Thomas Nuttall, a Scottish botanist working in the United States, was born Jan. 5, 1786. Nuttall came to Philadelphia in 1807 and spent much of the next 33 years exploring the American continent. He was associated during this time with the Academy of Natural Sciences in Philadelphia, and also taught for a while at Harvard, but the Far West, and especially California, was his passion, and he is credited with discovering a host of new California species, most famously, Nuttall’s woodpecker and the Yellow-Billed Magpie (named Pica nuttalli by Audubon) (see second image above). There are also a number of plants named after Nuttall, including Nuttall’s mariposa lily (first image).

It was in San Diego that Nuttall encountered Richard Henry Dana, who had been a student of Nuttall’s at Harvard for a brief time before setting out to seek adventure. The two embarked on a ship in 1836 for the voyage around Cape Horn back to Boston, Dana as sailor and Nuttall as passenger. When Dana later published an account of his adventures as Two Years Before the Mast (1840), Nuttall had a bit part as the nameless “Old Curiosity”, the peripatetic college professor searching the world for curiosities. Henry Shaw, the founder of the Missouri Botanic Garden in St. Louis, had a special fondness for Nuttall, and in 1887 he erected an obelisk there in his honor (third image). At the Linnean House conservatory at the Garden (containing the camellias), there are three busts that preside over the entrance (fourth image): Nuttall is on the left, Linnaeus is center stage, and Asa Gray is on the right.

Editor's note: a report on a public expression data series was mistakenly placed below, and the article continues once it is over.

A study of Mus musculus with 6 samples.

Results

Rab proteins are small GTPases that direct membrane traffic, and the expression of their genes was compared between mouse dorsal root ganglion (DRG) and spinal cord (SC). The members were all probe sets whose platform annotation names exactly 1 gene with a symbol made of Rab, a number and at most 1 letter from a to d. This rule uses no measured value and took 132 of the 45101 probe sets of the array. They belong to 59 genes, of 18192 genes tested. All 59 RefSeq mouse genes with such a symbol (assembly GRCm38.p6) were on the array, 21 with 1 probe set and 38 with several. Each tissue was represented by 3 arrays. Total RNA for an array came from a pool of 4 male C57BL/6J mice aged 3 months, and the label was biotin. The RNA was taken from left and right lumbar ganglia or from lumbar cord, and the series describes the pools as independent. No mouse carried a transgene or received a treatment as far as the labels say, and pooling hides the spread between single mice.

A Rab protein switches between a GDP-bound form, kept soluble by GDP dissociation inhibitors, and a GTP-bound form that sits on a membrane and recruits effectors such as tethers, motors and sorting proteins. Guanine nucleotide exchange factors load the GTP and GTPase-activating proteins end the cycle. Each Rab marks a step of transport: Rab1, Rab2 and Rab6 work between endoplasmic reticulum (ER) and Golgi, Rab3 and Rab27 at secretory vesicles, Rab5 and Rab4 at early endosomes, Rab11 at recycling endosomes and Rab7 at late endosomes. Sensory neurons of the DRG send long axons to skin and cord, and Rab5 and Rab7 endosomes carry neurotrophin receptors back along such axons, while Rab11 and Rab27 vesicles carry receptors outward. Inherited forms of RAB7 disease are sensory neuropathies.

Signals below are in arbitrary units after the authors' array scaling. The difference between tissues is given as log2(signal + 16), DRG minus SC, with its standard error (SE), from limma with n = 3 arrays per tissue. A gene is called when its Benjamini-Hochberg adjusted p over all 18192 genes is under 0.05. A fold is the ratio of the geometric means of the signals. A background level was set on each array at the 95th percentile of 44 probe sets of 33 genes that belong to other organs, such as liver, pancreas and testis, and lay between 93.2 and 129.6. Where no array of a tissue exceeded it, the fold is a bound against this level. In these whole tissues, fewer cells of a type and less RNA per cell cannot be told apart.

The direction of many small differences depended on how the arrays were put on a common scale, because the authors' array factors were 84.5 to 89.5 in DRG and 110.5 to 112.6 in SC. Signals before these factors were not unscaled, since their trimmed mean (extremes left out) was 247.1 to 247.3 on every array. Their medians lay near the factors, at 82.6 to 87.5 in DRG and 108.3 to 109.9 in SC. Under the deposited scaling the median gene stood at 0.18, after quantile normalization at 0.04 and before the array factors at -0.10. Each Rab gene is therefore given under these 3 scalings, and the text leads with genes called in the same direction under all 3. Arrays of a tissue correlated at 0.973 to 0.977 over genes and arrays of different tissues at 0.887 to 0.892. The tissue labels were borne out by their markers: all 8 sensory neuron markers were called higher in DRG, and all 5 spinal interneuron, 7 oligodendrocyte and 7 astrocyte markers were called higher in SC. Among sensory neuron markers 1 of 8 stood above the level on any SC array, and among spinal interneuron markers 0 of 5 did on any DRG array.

We have Nuttall’s important Genera of North American Plants (1818) in the History of Science Collection.

Dr. William B. Ashworth, Jr., Consultant for the History of Science, Linda Hall Library and Associate Professor, Department of History, University of Missouri-Kansas City. Comments or corrections are welcome; please direct to ashworthw@umkc.edu.